In Target USA CUP’s 35-year history, the tournament has seen a lot of faces from around the world. However, two former USA CUP players are back at this year’s tournament—this time, in a coach’s uniform.
Mark Abboud and Shayne Griffin paraded with their teams, Minnesota Thunder Academy (MTA) girls’ U9 and Milton Magic boys’ U15, as a maximum-capacity crowd energetically cheered at the 2019 Opening Ceremony Monday.
“The Opening Ceremony took me back to 1985,” said Mark Abboud, head coach of MTA girls’ U9 team. “To me, it feels like I’m a kid again. We’re trading pins, meeting people from other places. It’s just the same to me.”
Abboud played in the first Target USA CUP tournament in 1985 with his U14 Rochester Arrows team. His father, who also coached the team, was one of the organizers who worked with the Sons of Norway to bring the tournament in life. Abboud vividly remembers playing against a Hungarian team in the 1985 tournament because it was the first time he played against an international team.
“We went down 3-0 within a blink to start the game,” said Abboud. “We battled back after that to win 4-3. That is definitely one of my top memories from growing up.”
From 1985 to 1989, Abboud played in the Target USA CUP, eventually moving on to play collegiately at Macalaster College in St. Paul, Minn. USA CUP wouldn’t be the last time Abboud would play against international competition. After playing one season with the Tampa Bay Rowdies, Abboud played overseas for two seasons in Belgium and France. Despite having a prolific professional career across multiple continents, Target USA CUP still fondly sits in Abboud’s memories.
Abboud also professionally played eight years for the Minnesota Thunder. Even with the Thunder, he still remained involved with the tournament.
Abboud’s coaching history at Target USA CUP lasts more than a decade. Abboud began coaching in 2000 and brought teams to the tournament for a decade. After taking a break from coaching club, he is back at the 2019 tournament for the first time since 2010—this time coaching his daughter.
“I brought my team here not to necessarily win it, but to expose our players and parents there’s more soccer than what we see in our backyard in Minnesota,” said Abboud. “It shows the girls that this is the world’s game.”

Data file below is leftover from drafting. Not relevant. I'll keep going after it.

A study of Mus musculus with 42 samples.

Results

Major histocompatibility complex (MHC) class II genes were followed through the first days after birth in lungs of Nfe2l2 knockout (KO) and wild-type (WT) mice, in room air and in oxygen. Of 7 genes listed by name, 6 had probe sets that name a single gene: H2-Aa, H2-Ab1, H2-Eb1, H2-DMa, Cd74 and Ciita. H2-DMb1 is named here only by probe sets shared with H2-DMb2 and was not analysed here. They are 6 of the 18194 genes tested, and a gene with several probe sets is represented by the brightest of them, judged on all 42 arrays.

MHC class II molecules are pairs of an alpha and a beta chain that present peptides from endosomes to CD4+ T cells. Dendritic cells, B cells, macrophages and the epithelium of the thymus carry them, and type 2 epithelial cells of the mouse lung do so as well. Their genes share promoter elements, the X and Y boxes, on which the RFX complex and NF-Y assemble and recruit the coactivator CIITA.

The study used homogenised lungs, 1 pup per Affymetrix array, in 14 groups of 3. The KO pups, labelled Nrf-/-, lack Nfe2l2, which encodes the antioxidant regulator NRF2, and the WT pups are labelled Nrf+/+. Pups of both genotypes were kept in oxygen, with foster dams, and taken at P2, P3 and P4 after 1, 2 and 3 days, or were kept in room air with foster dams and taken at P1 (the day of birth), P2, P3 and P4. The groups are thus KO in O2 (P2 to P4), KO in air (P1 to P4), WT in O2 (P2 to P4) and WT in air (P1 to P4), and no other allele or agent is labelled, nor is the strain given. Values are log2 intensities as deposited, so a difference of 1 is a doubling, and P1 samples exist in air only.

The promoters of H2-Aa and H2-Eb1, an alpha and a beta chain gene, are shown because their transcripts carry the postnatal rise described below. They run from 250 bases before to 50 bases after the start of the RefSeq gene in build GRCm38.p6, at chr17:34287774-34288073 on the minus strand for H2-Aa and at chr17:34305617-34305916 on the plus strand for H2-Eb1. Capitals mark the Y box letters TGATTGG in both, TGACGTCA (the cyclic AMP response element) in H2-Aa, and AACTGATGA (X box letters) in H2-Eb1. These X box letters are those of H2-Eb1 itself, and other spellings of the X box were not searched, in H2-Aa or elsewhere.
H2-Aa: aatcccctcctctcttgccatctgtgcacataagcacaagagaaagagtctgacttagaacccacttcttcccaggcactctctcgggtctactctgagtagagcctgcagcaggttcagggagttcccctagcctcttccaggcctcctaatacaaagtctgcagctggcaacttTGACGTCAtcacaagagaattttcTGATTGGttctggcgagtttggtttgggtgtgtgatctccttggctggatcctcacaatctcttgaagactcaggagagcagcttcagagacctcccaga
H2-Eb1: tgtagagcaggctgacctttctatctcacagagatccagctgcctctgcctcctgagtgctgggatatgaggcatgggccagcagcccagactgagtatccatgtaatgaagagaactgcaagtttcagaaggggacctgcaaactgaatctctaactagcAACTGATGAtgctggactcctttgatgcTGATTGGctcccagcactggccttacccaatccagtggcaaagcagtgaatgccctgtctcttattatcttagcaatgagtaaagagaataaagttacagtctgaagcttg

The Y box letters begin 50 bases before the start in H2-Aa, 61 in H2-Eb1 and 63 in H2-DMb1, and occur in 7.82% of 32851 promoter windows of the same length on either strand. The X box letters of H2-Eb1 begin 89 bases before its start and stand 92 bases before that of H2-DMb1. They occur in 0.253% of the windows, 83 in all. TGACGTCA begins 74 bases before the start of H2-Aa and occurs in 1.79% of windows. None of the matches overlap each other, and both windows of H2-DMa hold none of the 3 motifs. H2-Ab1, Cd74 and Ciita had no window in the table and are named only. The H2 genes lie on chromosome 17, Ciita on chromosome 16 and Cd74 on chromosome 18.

Griffin hopes to go two-for-two at Target USA CUP
Shayne Griffin is back at Target USA CUP for the first time since 1992. As a member of the Chinguacousy boys’ U14 team from Ontario, Griffin won the tournament that year, creating a memorable experience.
Griffin now coaches the Milton Magic boys’ U15 team from Milton, Ontario. Despite not participating in a Target USA CUP tournament in 27 years, Griffin’s goals at the tournament still remain the same. He wants to win it all, again.
“It was probably the most memorable soccer experience I’ve ever had,” said Griffin. “It was the first time playing against international teams. I remember playing against a team from England in the semi-finals and then beating an Alaskan team in the championship.”
Griffin’s Milton Magic team seems to be on the right path at the tournament so far. The team was 2-0 as of Wednesday night, and has outscored its components 24-1. Winning isn’t something new to the Magic, however. Griffin says the team won the providential championship last year, equivalent to a state tournament, and travels to large showcase tournaments.
Griffin’s experience at the 1992 tournament played a big role in bringing his Milton Magic team back to Blaine. The upscale Opening Ceremony combined with a noticeable international presence sold the team. This year is the first time any Milton Magic team has played in the tournament.
“Other than my team, our club brought two other teams as well,” said Griffin. “Me and the other club director already plan on bringing all of the other teams to tournament next year.”
Griffin said his team went to Mall of America this week and plans on attending tonight’s Minnesota United game against Aston Villa.
Shayne Griffin and Mark Abboud’s vivid memories from Target USA CUP as players illustrates the tournament’s ability to create memories that last longer than playing careers.